Senior officials from Malaysia, Australia and China are to meet early next week to decide on the next step in the search for the Malaysia Airlines jet, while expressing confidence yesterday that the hunt was on the right track despite no wreckage being found so far.
The Malaysian Boeing 777 disappeared on March 8 with 239 people on board while en route from Kuala Lumpur to Beijing.
Malaysian Defense Minister Hishammuddin Hussein said that the challenges were huge, but he told reporters: “I believe we will find MH370 sooner or later.”
Hishammuddin said he would travel to Canberra for the meeting on Monday on the approach forward regarding deployment of assets, engagement with victims’ families and expert and technical advice.
An unmanned sub continued to scan the Indian Ocean floor off western Australia, where sounds consistent with a plane’s black box were detected early last month. Additional equipment is expected to be brought in within the next few weeks to scour an expanded underwater area. The aerial search for surface debris ended this week.
Angus Houston, the Australian head of the search operation, said he was confident the wreckage was in that area based on the most promising leads. However, he added that the probability of the US Navy’s Bluefin 21 robotic sub finding the wreckage are “lower than it was when we started the search.”
Houston said the ministerial meeting was crucial to “formalize the way ahead to ensure the search continues with urgency and that it doesn’t stop at any stage.”
He said that the search could take another eight to 12 months, but “we are totally committed to find MH370.”
Houston added that Bangladeshi ships, including a vessel fitted with sonar equipment, had so far found nothing in the northern Bay of Bengal, where a resource survey company, Australia-based GeoResonance Pty, had claimed it found possible plane wreckage.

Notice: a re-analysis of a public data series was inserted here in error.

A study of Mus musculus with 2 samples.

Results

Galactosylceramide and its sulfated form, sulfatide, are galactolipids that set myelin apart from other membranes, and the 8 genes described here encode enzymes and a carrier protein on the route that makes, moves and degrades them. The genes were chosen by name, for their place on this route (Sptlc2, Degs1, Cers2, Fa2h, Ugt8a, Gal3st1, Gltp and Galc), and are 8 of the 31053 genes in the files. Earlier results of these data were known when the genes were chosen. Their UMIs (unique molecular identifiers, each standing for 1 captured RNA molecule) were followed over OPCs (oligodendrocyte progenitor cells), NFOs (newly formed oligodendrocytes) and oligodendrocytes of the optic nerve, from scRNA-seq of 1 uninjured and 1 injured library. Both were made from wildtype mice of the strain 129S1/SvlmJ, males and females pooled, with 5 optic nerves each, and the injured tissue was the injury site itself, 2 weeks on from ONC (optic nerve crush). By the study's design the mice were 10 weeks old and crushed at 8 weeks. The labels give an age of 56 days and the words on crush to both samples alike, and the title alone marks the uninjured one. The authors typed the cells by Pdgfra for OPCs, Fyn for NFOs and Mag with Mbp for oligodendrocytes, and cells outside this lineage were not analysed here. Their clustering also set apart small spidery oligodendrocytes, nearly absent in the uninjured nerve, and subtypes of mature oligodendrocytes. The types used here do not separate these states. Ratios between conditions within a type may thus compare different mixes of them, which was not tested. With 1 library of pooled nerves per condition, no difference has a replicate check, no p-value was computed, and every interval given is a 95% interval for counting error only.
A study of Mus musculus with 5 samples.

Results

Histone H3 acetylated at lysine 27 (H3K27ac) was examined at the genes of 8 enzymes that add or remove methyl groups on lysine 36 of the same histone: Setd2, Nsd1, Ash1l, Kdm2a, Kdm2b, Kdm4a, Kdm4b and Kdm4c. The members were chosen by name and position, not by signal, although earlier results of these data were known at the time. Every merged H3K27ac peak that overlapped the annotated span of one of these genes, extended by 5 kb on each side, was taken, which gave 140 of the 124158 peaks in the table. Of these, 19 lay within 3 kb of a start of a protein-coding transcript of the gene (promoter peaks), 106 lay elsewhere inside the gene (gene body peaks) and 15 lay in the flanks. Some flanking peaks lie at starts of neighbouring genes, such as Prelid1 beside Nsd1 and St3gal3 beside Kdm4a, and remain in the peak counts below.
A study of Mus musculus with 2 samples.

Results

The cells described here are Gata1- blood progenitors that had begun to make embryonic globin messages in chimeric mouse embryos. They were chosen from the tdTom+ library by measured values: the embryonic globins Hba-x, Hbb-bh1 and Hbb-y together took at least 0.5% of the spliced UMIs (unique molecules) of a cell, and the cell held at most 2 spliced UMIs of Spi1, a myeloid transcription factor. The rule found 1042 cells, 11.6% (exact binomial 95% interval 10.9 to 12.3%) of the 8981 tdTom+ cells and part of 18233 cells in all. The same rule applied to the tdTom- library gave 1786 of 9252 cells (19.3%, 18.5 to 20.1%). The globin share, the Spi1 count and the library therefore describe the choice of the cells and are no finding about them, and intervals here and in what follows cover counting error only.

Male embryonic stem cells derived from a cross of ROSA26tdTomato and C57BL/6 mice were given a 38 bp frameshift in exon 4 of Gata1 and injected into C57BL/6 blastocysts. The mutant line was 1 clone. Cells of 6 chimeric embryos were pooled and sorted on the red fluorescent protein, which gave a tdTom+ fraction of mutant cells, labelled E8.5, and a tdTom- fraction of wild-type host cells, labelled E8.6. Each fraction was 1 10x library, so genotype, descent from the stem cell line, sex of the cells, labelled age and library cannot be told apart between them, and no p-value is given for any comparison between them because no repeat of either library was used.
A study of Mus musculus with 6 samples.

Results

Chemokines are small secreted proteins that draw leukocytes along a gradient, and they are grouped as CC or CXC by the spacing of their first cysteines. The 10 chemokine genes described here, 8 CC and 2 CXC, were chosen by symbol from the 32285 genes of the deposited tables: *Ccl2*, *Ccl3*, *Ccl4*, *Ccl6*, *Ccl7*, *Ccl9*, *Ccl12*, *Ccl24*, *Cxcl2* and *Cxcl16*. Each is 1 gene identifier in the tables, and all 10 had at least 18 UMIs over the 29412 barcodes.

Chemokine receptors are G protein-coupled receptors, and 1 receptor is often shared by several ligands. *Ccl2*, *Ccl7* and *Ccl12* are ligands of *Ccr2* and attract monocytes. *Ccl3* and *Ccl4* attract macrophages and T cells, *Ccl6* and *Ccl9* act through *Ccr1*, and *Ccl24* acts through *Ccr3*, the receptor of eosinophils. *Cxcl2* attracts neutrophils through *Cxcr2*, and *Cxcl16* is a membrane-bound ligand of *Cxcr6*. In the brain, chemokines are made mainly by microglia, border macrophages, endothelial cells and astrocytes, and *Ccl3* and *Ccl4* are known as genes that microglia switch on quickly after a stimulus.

Hishammuddin said Malaysia was still considering whether to hire private deep sea vessels to search the Bay of Bengal area as it could distract the main search and cost involved would be high.
Meanwhile, in Beijing, relatives of Chinese passengers aboard the missing plane yesterday expressed anger after being told they must suddenly leave their hotel in the Chinese capital a day after the airline said it would stop providing accommodation.
“I’m very angry,” said Steven Wang, whose mother was on the flight.
“Malaysia Airlines have suddenly told us to leave,” he added. “They should have at least given us an adjustment period for us to make preparations and collect our things.”
There was a heavy police presence at the Lido Hotel in Beijing yesterday, with dozens of uniformed officers inside.
The airline announced late on Thursday in a statement that it was ending all hotel accommodation for passenger relatives by Wednesday next week.
The Malaysian flag carrier has provided the service for relatives in a number of countries — most of them in Malaysia and China — where they also received periodic updates on the situation since shortly after the flight mysteriously disappeared on March 8.
In the statement, however, the airline said it was advising families “to receive information updates on the progress of the search and investigation and other support by Malaysia Airlines within the comfort of their own homes.”